Perhaps nowhere is growth easier to see than at the Athabasca Oil Sands in Alberta, Canada. It is the world’s largest oil sands deposit, with a capacity to produce 174.5 billion barrels of oil—2.5 million barrels of oil per day for 186 years. Where oil sands are close to the surface, they are extracted in large open pit mines. Taken by the Landsat satellites, these natural-color images show the expansion of the mines between 1984 and 2011. Year-by-year images are available in the Earth Observatory’s World of Change series.
Oil sand mining began in Alberta in 1967. That first mine is closest to the Athabasca River in the top image (1984). The mining operation includes a tan pit mine, processing equipment, and tailings ponds, where water and minerals are stored after the oil is removed.
By 2011, pit mines surrounded the Athabasca River. The Mildred Lake Mine, west of the river, began operation in 1996. The Millennium and Steepbank Mines also developed on the east side of the river in the following decade. Additional mines are visible to the north in the large image. In 2010, surface mines produced 356.99 million barrels of crude oil.
Oil sands that are buried more than 80 meters below the land surface are retrieved through in situ wells. Hot water is pumped into the ground to liquefy the oil so that it can be pumped out. Athabasca’s in situ wells yielded 189.41 million barrels of oil in 2010. A grid of white dots defines an in situ operation, MacKay River, west of the Mildred Lake Mine and near the left edge of the image.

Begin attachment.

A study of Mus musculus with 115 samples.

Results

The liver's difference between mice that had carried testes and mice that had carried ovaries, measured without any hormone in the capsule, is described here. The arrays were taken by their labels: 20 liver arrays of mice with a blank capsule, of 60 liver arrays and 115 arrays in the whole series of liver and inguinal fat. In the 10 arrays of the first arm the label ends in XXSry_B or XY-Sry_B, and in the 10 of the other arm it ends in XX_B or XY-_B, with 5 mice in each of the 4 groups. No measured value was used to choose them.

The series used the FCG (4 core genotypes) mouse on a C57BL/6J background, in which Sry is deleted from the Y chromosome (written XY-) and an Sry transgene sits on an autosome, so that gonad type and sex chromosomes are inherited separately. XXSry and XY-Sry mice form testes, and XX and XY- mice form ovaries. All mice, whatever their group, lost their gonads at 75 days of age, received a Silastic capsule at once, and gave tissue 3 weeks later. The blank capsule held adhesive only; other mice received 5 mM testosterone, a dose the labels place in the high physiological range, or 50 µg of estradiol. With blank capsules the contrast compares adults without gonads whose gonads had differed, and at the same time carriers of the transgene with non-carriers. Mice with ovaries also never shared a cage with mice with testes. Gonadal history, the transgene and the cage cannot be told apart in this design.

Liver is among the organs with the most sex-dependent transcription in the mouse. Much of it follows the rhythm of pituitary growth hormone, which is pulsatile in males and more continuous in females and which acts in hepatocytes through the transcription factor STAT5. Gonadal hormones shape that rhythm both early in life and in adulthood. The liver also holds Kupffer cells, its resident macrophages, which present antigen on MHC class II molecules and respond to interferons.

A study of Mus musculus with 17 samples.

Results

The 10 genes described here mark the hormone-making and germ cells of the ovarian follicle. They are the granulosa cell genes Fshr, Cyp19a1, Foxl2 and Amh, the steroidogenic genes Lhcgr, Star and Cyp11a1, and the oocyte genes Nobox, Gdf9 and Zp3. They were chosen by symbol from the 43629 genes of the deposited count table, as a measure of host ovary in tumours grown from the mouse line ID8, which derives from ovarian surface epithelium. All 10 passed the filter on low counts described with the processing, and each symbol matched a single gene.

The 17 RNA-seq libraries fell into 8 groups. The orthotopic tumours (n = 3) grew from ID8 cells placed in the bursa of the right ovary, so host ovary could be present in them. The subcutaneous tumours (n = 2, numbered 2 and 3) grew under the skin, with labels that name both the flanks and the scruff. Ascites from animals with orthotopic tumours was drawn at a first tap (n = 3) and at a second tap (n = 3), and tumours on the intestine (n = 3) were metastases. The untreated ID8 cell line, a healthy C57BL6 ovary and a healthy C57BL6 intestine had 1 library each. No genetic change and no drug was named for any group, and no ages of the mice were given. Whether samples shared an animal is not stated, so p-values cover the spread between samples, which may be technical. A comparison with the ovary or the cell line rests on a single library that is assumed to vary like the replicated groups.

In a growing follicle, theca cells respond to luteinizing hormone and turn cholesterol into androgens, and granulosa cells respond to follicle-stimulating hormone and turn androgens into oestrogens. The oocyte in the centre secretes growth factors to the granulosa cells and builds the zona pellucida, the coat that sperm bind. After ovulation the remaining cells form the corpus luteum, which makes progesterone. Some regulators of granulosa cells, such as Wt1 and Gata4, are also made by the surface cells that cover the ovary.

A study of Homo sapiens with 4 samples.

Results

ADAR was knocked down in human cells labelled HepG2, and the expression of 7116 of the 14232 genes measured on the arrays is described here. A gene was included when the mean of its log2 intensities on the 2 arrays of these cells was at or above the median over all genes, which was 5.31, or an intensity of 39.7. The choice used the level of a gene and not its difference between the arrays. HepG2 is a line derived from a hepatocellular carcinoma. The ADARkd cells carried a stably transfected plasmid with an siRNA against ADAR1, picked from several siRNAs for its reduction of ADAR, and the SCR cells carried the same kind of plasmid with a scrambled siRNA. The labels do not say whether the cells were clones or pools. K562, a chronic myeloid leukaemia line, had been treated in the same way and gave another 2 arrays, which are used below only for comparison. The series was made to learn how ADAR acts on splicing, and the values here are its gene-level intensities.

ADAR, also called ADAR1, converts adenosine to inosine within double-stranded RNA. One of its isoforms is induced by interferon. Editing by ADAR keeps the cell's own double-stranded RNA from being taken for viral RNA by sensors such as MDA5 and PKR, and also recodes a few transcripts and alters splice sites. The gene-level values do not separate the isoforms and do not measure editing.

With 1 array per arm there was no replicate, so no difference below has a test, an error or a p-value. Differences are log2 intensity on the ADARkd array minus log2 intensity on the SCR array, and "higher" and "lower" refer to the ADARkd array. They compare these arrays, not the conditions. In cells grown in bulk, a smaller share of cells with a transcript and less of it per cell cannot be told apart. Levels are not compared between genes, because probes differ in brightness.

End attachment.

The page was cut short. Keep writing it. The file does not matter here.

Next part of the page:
Both types of mining operations have a large impact on the environment. As the images show, forest must be cleared for both in situ and surface mining. The mining and extraction process releases sulfur oxides, nitrogen oxides, hydrocarbons, and fine particulate matter into the atmosphere. Tailings ponds contain a number of toxins that can leak into the groundwater or the Athabasca River. The entire process, from mining and separating oil sands to producing crude oil, releases more greenhouse gases than other oil production methods.
On the other hand, Canada is a country with strict environmental laws that require companies to restore land after mining is complete. A restored tailings pond—the first such restoration project—is visible west of the river. The Athabasca Oil Sands are a stable source of oil for North America, including the United States, the world’s largest consumer of oil.
NASA Earth Observatory image created by Robert Simmon using Landsat data provided by the United States Geological Survey. Caption by Holli Riebeek.
View more images from this series at earthobservatory.nasa.gov/Features/WorldOfChange/athabasc...
The Earth Observatory's mission is to share with the public the images, stories, and discoveries about climate and the environment that emerge from NASA research, including its satellite missions, in-the-field research, and climate models.